Local government in Australia
Local government is often called the third level of government in Australia. With the first level being the Federal government and the second level being the State government. The Parliamentary Education Office has a great explanation of the different roles of each level of government. However, the description as the third tier of government can be a little misleading.
In reality, local government in NSW is a creature of the State government. It comes to life through the Constitution Act 1902 and NSW legislation made by the NSW government – the Local Government Act 1993 (the Act).
Under the Act, local and county councils are:
a body politic of the State with perpetual succession and the legal capacity and powers of an individual, both in and outside the State.
They are ‘not a body corporate (including a corporation)’. Clear as mud, right?
What is a “body politic”?
In a general sense, a “body politic” is an artificial legal entity which has a separate legal personality. In practical terms, this means councils have the power to act, hold property, enter into legal contracts, sue and be sued in their own name, just as a natural person can.
To understand why a local council is a “body politic”, it is worth taking a moment to reflect on how this came about. Notably, the Act was amended in 2008 to change the legal status of councils from a body corporate to a body politic. This was due to changes in the industrial relations space at the time. And to make sure it was clear that local councils in NSW fell under the State industrial system. For some time, the peak body for councils, Local Government NSW, has been lobbying the State Government to change this back.
How is a local council created?
The process for creating a local council is set out in the Act. Essentially, there are several important steps.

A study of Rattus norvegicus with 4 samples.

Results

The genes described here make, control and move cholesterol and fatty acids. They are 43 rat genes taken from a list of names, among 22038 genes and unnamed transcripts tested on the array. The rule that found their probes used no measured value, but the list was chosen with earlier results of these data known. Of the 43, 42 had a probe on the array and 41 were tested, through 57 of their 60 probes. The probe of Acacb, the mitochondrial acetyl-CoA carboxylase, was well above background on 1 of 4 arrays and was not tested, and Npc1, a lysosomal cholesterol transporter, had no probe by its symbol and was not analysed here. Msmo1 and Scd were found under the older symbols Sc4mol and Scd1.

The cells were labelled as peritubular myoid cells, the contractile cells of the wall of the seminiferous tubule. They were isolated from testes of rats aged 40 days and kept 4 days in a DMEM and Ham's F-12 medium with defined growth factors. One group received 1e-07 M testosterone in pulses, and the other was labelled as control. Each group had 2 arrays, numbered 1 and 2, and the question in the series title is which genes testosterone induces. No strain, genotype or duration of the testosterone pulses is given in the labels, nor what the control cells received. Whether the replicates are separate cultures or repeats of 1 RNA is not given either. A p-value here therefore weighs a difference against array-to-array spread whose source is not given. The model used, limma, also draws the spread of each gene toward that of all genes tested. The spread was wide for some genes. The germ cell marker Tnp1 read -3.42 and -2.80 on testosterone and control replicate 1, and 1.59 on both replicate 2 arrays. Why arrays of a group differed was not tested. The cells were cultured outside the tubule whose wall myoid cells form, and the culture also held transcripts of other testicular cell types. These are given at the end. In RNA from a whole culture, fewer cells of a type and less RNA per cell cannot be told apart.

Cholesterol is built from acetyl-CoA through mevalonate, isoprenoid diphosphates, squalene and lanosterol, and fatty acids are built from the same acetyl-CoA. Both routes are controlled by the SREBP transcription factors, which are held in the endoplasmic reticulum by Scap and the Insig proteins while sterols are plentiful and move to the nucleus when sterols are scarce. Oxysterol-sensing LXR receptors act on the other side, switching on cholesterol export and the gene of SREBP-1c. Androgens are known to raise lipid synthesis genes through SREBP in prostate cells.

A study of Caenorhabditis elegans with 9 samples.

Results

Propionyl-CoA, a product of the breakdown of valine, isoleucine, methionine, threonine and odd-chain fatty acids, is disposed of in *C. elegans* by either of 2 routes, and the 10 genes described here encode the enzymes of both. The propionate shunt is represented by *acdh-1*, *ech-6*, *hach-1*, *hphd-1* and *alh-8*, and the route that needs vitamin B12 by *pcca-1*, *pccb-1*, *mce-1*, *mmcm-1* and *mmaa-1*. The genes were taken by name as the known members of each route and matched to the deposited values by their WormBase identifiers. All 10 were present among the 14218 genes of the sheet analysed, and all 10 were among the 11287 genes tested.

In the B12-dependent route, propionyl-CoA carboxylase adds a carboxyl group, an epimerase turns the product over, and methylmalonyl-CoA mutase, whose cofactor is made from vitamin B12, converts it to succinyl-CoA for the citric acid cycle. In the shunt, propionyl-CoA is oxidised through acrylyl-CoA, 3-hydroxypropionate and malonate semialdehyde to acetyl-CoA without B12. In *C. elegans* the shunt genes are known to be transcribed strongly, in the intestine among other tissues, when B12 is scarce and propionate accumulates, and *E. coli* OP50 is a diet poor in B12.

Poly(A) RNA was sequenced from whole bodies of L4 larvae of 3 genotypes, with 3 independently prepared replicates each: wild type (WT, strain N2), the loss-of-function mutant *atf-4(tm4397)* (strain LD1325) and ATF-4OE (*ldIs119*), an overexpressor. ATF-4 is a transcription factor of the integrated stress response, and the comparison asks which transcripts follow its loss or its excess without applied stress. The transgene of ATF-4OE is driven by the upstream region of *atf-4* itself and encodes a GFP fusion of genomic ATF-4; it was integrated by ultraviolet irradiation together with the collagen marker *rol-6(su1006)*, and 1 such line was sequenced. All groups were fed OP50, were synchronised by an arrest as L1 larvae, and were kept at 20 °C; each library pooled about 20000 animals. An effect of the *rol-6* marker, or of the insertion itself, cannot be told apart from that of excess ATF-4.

First, the Governor must proclaim and name the local government area. This must “be a single area of contiguous land”. There are currently 128 local councils across NSW. For the current list, go to the Office of Local Government’s website.
A local council is then constituted for that area under the Act. A council’s name is based on the name of the area. The name depends on whether the area has been proclaimed a city by the Governor.
Finally, through a democratic process, the governing body is elected by residents in the local government area who are aged over 18 years old. This normally happens every four years.
Who can change a local government area?
Notably, the Governor has the power to alter the boundaries of a local government area and to amalgamate councils. However, this can only be done on a proposal by the Minister, the council itself or residents. The Local Government Boundary Commission also has a role to play in this decision too.
In recent times, the forced amalgamations of councils has attracted some controversy in NSW. In some areas, local communities continue to campaign to demerge amalgamated councils.
In summary, local councils in NSW are created under the Local Government Act 1993 as a body politic. They are, in effect, a creature of State Government. Whilst councils have broad powers under the Act, most of what councils do is also regulated by other legislation and policy directions set at a State or Federal level. In this sense, local government is not an autonomous third tier of government.